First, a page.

The Pacific Edge Magazine is a business and lifestyle magazine that features Hawai‘i’s young professionals and hot trends in business, culture, lifestyle, and art. Published every quarter, it distributes 10,000 copies statewide.

The magazine’s creator and co-publisher, Naomi Hazelton, is a winner of the 2001 Pacific Business News Top 40 Under 40 Award. She developed the concept while at HPU working on a practicum for her master’s degree in corporate communication.

Hazelton describes the publication as “a cutting-edge business and lifestyle magazine whose primary focus is to spotlight young professionals and give insight into their success.”

She is originally from Kauai, where she worked in the promotion department of a local radio station and wrote a column for the Garden Isle newspaper. She also worked for Visitor and Elite magazines.
Co-publisher and Director of Operations for Pacific Edge is Jamie Giambrone. Originally is from New York, Giambrone met Hazelton last year at a launch for Smart Magazine, at the time a communications officer in the Army, he had been home one week after returning from a tour of duty in Afghanistan.

Starting from scratch, the partners created the 68-page premiere issue which launched in January. Its main objective, according to Hazelton is “focusing on young people making things happen.”
They launched their third issue in July, and announced that their partnership is no longer only a professional relationship. The two will marry this fall.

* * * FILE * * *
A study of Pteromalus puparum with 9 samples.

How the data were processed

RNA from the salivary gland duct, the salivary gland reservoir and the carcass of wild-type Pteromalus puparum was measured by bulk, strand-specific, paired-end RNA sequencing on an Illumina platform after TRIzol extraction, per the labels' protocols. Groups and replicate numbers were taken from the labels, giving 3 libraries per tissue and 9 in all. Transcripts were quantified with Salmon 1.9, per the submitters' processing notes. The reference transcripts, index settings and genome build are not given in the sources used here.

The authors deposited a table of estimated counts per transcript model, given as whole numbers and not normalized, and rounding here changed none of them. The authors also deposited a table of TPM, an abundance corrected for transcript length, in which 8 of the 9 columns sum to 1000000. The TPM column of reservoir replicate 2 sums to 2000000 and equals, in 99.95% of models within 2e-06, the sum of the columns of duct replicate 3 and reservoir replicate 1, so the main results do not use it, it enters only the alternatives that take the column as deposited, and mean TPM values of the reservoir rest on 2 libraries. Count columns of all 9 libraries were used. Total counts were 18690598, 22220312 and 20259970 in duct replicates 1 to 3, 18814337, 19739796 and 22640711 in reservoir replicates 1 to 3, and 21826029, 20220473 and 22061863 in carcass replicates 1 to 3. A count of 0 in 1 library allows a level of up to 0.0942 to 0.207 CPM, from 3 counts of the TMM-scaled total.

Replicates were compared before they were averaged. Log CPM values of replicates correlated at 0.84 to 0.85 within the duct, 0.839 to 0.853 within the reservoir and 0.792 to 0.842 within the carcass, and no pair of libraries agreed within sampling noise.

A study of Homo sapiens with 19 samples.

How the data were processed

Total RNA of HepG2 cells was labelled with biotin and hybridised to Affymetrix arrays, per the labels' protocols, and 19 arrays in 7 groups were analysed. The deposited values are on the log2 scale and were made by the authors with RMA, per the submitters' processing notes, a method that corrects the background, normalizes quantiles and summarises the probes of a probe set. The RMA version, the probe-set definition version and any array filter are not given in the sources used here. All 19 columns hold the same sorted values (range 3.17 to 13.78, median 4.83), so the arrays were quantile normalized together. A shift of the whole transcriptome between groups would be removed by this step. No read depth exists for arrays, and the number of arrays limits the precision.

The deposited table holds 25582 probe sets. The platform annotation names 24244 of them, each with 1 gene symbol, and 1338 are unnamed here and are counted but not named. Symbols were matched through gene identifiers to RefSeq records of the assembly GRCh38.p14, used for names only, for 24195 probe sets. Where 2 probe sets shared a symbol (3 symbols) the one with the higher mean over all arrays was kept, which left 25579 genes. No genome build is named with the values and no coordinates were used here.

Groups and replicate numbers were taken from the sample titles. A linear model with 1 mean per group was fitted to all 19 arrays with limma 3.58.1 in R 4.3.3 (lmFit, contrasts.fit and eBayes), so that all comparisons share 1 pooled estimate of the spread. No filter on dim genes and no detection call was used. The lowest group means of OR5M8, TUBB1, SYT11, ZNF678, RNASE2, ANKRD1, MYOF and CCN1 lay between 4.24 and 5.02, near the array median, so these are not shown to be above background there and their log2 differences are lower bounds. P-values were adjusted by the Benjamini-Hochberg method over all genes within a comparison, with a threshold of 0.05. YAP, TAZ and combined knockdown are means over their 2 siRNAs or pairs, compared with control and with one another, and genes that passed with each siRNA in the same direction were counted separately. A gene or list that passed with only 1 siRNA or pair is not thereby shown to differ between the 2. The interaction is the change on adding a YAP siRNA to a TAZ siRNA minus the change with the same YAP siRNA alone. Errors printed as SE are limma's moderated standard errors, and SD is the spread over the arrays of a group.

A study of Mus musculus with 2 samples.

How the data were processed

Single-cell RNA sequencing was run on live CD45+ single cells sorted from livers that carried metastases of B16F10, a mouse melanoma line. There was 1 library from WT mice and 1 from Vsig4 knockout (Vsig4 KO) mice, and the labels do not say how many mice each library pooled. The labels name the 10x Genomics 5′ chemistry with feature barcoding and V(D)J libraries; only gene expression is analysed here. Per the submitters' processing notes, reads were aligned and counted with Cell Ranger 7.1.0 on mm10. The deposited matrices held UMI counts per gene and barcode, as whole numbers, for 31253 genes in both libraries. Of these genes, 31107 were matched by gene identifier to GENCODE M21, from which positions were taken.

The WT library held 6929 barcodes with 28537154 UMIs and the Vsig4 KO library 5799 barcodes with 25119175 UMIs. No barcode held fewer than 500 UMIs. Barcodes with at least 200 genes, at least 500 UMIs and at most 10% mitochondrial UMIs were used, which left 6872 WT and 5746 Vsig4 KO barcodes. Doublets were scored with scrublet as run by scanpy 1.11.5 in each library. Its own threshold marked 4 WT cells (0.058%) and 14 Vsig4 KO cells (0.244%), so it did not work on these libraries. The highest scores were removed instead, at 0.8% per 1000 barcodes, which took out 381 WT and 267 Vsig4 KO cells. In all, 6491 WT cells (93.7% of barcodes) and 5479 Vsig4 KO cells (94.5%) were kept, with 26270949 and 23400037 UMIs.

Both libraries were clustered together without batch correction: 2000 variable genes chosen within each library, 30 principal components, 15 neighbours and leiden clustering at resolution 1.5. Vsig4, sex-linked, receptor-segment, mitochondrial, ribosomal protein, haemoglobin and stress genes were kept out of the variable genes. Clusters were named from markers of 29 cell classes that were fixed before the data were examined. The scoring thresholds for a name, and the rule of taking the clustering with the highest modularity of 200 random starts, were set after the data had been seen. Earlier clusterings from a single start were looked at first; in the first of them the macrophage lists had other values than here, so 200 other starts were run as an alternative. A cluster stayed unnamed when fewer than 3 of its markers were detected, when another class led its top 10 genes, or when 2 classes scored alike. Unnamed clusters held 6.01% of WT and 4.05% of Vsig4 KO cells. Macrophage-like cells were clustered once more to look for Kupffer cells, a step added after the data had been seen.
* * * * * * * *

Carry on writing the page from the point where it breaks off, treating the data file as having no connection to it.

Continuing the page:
Amy Stanley, a communications major at HPU and Pacific Edge’s first intern, said that “Working on the premiere issue was a real opportunity for me to see how publishing works from the ground up. Jamie and Naomi were helpful and open to my ideas. I learned a lot about deadlines, correspondence in the corporate world, and event planning. Plus, I’ve gotten four stories published,” Stanley added.

Stanley said her education at HPU helped her prepare for the internship. “I was in charge of the launch parties for the first issue of the magazine. I got to use my graphic design skills to create fliers and invitations. On top of that, I used writing skills that I acquired during my time at HPU.

“ Group work is also important,” Stanley added, “not only for students, but in the ‘real’ world.”
According to Stanley, HPU students could definitely benefit from reading Pacific Edge.

“ One of my projects as an intern,” she said, “was to research professional organizations in the islands. There is a full list of them in the magazine, which is always great for networking.”

Shana Logan, a visual communication major at HPU and finalist in HPU’s first film festival, “Shorts on the Rock,” said: “Pacific Edge is an important networking tool for young, local professionals like myself. In Hawai‘i, it is often about whom you know.”

On the cover of the summer issue is Food & Beverage Director of Royal Kona Resort, Keith Mallini, who is also known for turning around the Sheraton Waikiki’s Hano Hano Room and introducing Skyline, a posh, cutting-edge nightclub venue every first and third Saturday.

Pacific Edge also features a Night Life Diaries section, with lots of pictures of the latest hot night spots such as Skyline Lounge, Bar 35, and Fashion 45.

Primarily distributed through direct mail, Pacific Edge sells for $5.95 at King Fort Magazines and Borders outlets on O‘ahu, Hawai‘i, and Kauai. It is also available complimentary for patrons of Indigo’s, on Nuuanu Street, and Bar 35 on Hotel street.

Giambrone invites the public to come to Pacific Edge’s launch parties, three of which are scheduled for each new issue.

“ We invite the public to our events not only for a complementary copy of the magazine,” he said, “but also to meet the staff.”

For more information visit www.thepacificedge.com or call Hazelton or Giambrone at 737-8711.
They are looking for graphic design interns.